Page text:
Some of us do it well, some of us do not do it at all, but we all could use improvement. The medical decision making (MDM) portion of the chart is one area we all can work on. It is quite possibly the single most important portion of the chart for multiple reasons including acting as a "hard stop" in decision making, explaining course of care and management, reviewing highlights of the visit, and even potentially helping in a legal situation. Today, we have Mike Weinstock joining us on this very important podcast.
Mike Weinstock is the author of Bouncebacks series. He comes right out on the podcast with tips from the beginning. Definitely have to listen for all of the pearls, but here are a few:
The hard stop is a very important portion of the MDM. Use this in real time with patients to help explain your thought process. This can change with time based on new findings or results. Make sure to time stamp these sections. Potentially, this can help remind you in real time if you considered all the life threats and necessary steps to make sure the patient is taken care of appropriately. Mike describes that this should also act as a "closing argument" in the sense of explaining how your arrived at the final diagnosis along with why the disposition and treatment was chosen. Repeat exams or later findings from the original H&P should be specified in the progress part of the note (this is where we place the MDM, as well).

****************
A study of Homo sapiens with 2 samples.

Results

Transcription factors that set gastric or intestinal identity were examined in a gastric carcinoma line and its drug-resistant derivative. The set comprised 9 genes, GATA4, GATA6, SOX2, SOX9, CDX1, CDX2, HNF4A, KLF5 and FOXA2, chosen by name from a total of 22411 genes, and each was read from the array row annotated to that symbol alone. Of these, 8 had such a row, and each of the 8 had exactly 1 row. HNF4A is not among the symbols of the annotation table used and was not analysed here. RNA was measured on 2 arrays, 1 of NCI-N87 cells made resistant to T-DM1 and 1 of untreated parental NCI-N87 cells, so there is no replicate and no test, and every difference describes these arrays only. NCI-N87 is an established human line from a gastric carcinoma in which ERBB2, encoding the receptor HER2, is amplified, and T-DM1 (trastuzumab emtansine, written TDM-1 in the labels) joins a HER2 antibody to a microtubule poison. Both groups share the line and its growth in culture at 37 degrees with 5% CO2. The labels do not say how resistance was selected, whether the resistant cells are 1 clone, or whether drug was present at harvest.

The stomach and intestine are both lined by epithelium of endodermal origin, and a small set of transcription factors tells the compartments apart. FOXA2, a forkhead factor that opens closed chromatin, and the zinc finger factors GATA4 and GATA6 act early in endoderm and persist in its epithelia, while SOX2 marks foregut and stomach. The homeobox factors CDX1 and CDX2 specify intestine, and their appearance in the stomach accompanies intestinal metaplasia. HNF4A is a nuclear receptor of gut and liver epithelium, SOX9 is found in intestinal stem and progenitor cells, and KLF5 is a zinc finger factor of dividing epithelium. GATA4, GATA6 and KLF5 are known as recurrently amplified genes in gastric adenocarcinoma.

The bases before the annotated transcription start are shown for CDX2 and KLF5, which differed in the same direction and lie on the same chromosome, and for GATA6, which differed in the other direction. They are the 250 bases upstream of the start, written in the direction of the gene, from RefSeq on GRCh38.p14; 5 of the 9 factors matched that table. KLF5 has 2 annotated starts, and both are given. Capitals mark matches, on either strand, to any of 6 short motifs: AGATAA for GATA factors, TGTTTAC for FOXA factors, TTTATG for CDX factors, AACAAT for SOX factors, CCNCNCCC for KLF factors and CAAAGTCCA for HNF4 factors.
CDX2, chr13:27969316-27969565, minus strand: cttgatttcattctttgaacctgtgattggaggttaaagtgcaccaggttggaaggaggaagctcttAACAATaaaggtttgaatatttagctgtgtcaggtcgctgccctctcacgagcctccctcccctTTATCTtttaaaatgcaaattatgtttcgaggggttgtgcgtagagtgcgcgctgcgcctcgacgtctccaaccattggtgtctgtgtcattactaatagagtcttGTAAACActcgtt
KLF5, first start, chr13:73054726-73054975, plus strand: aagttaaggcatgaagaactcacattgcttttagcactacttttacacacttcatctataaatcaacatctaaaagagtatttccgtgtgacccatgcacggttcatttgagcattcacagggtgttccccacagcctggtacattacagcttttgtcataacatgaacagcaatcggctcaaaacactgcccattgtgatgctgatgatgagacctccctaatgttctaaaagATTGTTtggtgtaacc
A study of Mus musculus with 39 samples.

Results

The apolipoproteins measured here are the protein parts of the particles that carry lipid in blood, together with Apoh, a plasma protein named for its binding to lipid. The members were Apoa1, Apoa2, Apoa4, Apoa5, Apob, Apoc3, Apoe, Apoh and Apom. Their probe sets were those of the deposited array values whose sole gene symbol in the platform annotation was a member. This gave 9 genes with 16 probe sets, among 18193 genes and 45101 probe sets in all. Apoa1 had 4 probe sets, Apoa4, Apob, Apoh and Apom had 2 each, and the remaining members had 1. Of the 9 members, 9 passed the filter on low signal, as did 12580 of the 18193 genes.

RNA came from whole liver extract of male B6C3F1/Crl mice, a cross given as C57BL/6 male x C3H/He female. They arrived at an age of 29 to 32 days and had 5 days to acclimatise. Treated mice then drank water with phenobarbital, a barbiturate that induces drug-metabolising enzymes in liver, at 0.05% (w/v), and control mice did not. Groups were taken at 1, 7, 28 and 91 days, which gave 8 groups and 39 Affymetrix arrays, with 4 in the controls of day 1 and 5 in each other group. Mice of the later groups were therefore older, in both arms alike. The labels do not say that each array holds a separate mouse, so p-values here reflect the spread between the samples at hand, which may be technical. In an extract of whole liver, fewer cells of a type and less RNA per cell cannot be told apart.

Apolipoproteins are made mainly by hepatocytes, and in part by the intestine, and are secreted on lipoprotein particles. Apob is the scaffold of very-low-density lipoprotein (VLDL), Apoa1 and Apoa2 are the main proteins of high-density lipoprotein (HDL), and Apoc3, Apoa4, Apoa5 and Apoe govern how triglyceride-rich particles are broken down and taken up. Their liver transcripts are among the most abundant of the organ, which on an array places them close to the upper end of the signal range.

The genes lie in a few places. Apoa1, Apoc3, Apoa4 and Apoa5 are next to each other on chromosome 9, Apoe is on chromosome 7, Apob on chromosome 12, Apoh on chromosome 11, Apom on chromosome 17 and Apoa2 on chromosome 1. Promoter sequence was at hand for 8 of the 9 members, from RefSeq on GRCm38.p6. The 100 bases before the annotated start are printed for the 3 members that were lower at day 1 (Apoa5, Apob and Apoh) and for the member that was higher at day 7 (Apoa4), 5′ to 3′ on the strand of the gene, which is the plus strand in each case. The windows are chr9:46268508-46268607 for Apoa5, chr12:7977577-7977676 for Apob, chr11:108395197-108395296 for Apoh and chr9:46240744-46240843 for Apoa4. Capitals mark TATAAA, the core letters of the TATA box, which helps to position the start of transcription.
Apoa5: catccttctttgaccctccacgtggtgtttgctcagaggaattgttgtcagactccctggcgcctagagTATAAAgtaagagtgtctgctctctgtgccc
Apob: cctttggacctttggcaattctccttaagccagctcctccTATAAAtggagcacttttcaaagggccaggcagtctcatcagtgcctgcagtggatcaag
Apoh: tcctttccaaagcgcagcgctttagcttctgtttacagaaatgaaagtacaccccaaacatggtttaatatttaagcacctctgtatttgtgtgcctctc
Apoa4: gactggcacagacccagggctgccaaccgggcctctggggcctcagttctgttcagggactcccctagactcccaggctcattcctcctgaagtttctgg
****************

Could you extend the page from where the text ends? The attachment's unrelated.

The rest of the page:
We made a quick joke with GomerBlog about triage levels. However, it is important to address the primary concern that brought the patient to your service. This includes addressing the chief complaint from the nursing note. Sometimes they are not the same thing or there was a miscommunication, but it still must be addressed.
A hot topic is "shared decision making" but we are not all doing it correctly. Shared decision making needs to be a choice between at least two reasonable alternative pathways. Mike completed a study regarding chest pain with using clinically relevant adverse events that ties right into this subject. It is important to make sure patients understand that decisions are not without potential risks and to make sure they accept such risks when sharing this decision.